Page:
Hours after Barack Obama won a second term as president of the United States, a panel of UConn experts convened to analyze what the results of the vote will mean for the country.

This article was originally published on the UConn Today Web site on Nov. 7, 2012.

By: Tom Breen

In a panel moderated by Professor Jeremy Pressman, professors Charles Venator, Ronald Schurin, Shayla Nunnally, Vincent Moscardelli, and Stephen Dyson tackled everything from the changing demographics of the American electorate to the critical role that individual personalities play in major elections.

The scholars also discussed the results of Connecticut’s closely-watched race for an open U.S. Senate seat, in which Rep. Chris Murphy defeated former professional wrestling executive Linda McMahon, helping the Democrats maintain control of the chamber.

Overall, though, the professors agreed that while the election, like all elections, will have far-reaching effects, it mostly upheld the political status quo, with Obama in the White House, and a Congress divided between a Republican-controlled House of Representatives and a narrowly-held Democratic Senate.

“Even though we spend a lot of time talking about change, this election reveals the system’s natural tendency toward stability,” said Moscardelli, noting that roughly nine of 10 seats in the House didn’t change hands.

Schurin said part of the reason for this is the relatively static presidential voting habits of American states. The vast majority of states – and, therefore, their electoral votes – are essentially decided for either Democrats or Republicans long before Election Day, leaving a handful of swing states as the only real contested ground for campaigns.

“While we are undergoing vast demographic change in this country, we’re in a situation of relative geographic stability and have been for a generation,” Schurin said.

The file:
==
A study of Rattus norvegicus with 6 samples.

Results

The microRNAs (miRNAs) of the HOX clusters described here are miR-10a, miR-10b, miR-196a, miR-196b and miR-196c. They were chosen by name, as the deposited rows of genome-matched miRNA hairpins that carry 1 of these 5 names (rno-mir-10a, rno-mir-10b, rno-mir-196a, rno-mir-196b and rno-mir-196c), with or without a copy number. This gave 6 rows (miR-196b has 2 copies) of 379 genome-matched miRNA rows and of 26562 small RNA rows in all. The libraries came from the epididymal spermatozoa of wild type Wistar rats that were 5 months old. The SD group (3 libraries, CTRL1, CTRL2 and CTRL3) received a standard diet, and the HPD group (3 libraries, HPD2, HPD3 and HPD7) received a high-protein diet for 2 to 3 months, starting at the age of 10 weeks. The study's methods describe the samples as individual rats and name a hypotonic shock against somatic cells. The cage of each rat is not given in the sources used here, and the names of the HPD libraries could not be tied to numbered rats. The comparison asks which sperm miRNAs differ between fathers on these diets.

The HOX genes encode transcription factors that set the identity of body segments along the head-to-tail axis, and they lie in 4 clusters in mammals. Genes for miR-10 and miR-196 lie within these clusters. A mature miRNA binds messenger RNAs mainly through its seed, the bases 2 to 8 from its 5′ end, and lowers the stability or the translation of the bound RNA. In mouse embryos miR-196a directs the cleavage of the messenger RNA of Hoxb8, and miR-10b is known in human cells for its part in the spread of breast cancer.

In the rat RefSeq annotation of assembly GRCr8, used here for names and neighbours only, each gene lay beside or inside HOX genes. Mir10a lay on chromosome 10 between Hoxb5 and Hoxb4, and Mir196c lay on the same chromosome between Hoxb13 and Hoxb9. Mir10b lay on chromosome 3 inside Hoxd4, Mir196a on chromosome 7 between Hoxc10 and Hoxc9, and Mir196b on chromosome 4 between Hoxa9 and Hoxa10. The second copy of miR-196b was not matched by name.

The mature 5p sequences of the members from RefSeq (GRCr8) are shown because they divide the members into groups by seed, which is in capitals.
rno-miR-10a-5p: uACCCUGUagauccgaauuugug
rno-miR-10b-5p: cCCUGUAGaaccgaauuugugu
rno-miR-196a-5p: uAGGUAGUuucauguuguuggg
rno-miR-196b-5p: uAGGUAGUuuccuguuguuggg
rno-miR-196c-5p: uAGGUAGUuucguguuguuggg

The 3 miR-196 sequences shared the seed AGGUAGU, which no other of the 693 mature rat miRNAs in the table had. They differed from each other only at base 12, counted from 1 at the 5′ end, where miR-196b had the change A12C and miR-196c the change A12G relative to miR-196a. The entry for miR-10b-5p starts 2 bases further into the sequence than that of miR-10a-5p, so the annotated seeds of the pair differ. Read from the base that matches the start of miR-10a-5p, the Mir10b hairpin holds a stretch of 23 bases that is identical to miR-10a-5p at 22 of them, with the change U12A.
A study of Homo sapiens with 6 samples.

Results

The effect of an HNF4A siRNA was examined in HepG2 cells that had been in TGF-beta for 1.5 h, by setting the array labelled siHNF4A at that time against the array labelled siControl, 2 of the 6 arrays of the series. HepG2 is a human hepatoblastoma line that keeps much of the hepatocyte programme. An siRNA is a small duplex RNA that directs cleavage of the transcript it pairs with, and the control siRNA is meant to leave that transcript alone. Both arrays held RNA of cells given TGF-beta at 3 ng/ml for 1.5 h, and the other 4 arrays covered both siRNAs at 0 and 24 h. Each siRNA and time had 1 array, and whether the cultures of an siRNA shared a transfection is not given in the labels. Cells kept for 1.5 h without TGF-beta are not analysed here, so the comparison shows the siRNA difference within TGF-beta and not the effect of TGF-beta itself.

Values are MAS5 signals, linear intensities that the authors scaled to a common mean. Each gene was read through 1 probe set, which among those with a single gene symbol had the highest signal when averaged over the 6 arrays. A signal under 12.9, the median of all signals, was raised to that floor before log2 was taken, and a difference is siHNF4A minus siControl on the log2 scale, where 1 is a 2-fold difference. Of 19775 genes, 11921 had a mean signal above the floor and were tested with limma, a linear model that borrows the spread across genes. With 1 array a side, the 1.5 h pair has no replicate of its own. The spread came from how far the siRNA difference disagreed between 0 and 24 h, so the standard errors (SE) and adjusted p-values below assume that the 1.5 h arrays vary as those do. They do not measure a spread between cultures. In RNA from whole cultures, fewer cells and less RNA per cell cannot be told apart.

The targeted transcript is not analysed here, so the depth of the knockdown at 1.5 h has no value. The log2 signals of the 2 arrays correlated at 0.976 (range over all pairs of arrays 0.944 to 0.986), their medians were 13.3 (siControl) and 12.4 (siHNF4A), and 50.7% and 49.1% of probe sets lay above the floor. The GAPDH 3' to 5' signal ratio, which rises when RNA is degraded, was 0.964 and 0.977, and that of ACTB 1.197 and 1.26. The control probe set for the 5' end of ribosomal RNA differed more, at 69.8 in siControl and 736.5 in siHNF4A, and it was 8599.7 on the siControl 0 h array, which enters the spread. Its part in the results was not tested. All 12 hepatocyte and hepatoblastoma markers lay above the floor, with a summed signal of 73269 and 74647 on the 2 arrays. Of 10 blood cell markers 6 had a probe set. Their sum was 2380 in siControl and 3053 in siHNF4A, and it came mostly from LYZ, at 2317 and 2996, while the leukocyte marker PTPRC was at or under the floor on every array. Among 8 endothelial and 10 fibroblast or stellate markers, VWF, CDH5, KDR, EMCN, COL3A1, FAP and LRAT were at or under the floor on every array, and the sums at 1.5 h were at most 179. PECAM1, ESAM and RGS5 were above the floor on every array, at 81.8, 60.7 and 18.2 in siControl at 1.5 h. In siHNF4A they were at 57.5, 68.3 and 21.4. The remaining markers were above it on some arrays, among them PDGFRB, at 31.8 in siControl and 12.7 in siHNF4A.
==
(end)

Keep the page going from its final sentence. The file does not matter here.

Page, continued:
That demographic change was most evident in the coalition that elected Obama, Venator said. Obama won thanks to votes from Latinos, blacks, women, and young people, with the election showing in particular the growing clout of Latino voters.

Former Massachusetts Gov. Mitt Romney only won about 27 percent of the Latino vote, Venator said, about 6 percent to 8 percent worse than had been expected, and 4 percent below Sen. John McCain’s showing four years ago.

“We’re seeing more of a move to the Democratic Party,” Venator said, noting that Latinos make up significant portions of the population in swing states like Colorado, Nevada, and Florida, all of which were won by Obama.

That’s going to have to become a focus for the Republican Party if it wants to remain competitive in future presidential elections, Nunnally said, or risk seeing its base comprised of an ever-shrinking part of the population.

“The Republican Party really needs to make efforts to become attractive to these groups who primarily identify as Democrats right now,” she said.

But while demographics and geography and other larger factors played a significant role in the election, Dyson argued that individual personalities are still crucially important for understanding campaigns, especially in races as close as this one.

“With a closely divided country, seemingly little things – even a single decision by a single individual – can have macro-political implications,” Dyson said, giving as an example Obama’s decision early in his term to bail out the struggling auto industry.

Although unpopular at the time, exit polls last night showed that 60 percent of voters in Ohio – an auto industry center – approved of the decision, and that 75 percent of those voters supported Obama.

Personality and demographics both played a decisive role in the Connecticut Senate race, the scholars said, in which McMahon, despite spending $44 million of her own money on the campaign just two years after spending $50 million in another unsuccessful Senate bid, was handily defeated by Murphy.

“Linda McMahon had an obvious problem going into both races, and that was how she made her money,” Schurin said, referring to criticism of World Wrestling Entertainment over violent or sexually suggestive programming.

Moscardelli said a major factor in the race was the significant gender gap, with Murphy winning women’s votes by a double-digit margin.

“She needed women,” he said of McMahon, adding that her efforts to appeal to those voters never quite succeeded. “Even as she was picking up ground among women in terms of electability, it never translated into votes.”